Two new motions pertaining to species at risk and provincially significant wetlands have been passed by North Bay City Council.

Thirteen presentations, including a rare musical performance, were made before a full chamber at the regular meeting of Council last night at City Hall.

Concerned citizens expressed their dismay at Council, in their minds, choosing development over the health of the ecosystem and watershed.

Councillor Mac Bain, who tabled the original motions that also met with demonstrated opposition at the last meeting of Council, says public consultation will be held on both issues, adding this is a preliminary step only.

Asked how the process would unfold, Bain responded, “It’s going to include public consultation. It’s going to include our staff talking to people in the community that have been impacted by species at risk.”

Councillor Mark King, who gave notice of reconsideration on the earlier motions, voted against both newer versions tabled last evening. King spoke at length about the need to move so quickly on the issues, saying “It boggles my mind that we would actually do this.”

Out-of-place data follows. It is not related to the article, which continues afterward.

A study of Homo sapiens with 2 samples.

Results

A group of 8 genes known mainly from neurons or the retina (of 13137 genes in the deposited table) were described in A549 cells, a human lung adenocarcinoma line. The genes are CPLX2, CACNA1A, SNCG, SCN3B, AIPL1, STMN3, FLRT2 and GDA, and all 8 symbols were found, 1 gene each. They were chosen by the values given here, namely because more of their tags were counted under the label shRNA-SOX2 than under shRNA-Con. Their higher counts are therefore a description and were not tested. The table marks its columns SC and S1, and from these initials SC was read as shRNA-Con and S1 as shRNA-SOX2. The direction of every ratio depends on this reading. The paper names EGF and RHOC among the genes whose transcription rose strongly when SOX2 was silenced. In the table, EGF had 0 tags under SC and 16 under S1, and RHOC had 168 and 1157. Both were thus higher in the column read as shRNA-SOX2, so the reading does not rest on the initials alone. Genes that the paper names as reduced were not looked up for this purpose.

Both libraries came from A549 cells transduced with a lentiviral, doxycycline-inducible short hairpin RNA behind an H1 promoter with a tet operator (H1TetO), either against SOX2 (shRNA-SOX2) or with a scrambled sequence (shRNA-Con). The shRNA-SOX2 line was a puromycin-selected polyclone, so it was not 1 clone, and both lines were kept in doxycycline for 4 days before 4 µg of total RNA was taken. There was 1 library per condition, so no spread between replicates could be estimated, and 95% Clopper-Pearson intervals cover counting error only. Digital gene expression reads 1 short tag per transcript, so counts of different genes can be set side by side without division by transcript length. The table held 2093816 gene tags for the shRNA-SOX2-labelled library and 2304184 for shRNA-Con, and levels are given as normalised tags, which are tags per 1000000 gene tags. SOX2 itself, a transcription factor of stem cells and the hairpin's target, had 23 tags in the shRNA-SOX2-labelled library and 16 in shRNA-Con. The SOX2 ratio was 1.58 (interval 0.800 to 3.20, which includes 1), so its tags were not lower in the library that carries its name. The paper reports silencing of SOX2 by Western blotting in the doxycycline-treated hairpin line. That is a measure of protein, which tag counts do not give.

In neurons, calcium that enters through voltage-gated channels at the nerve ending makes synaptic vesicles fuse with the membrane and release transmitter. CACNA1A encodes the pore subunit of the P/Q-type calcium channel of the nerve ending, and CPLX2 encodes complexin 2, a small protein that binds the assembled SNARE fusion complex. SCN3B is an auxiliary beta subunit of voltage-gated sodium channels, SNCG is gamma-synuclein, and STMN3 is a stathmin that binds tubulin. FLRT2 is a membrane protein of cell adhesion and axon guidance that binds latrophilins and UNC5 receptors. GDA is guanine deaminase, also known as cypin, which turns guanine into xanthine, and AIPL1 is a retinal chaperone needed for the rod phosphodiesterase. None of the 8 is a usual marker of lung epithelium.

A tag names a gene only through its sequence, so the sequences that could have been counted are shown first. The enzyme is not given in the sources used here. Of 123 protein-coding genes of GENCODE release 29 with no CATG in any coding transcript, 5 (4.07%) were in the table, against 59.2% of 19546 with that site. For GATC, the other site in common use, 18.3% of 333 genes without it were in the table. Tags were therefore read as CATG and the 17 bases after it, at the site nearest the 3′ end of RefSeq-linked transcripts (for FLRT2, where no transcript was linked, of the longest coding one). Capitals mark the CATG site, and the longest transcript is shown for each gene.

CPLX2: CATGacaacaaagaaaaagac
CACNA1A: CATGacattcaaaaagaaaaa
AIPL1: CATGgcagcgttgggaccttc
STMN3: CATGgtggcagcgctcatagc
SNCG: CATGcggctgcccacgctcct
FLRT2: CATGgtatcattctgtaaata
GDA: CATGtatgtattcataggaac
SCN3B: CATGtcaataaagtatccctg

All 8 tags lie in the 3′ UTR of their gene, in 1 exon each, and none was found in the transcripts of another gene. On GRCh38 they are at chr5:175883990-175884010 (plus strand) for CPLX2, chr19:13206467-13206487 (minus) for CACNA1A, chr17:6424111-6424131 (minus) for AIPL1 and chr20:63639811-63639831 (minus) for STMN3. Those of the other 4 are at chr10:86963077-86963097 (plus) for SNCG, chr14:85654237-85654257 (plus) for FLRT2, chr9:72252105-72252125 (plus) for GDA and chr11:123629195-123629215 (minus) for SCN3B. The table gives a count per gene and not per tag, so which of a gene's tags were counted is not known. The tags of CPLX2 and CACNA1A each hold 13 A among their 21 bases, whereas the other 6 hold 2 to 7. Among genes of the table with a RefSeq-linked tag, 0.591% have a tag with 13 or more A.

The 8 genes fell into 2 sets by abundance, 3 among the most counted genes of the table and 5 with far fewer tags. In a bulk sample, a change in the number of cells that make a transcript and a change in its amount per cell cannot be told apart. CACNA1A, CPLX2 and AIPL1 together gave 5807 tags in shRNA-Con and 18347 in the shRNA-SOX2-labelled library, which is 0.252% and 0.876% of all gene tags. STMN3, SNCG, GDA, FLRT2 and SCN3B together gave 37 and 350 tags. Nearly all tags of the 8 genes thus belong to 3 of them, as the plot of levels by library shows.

Bain says the public was always to be a part of the process, something that was not clearly spelled out in the early drafts. “I’m hoping that everyone’s comments over this past two weeks, both by email and public presentations are included in the submission to the government if approved by Council.

Councillor Scott Robertson said when it came to the provincially significant wetlands, voting no was “a pretty easy choice for me. I believe the idea behind that is to ask the province to change the law in order to curb environmental protection for development.”

Robertson, who says he voted yes on the species at risk motion due to the inclusion of the caveat the public would be consulted, explained his reason for voting against the significant wetlands motion. “As we heard from scientists and experts that were in the gallery tonight, there is a sound scientific basis for drawing the lines where they are. There’s a really important difference between political and ecological borders.”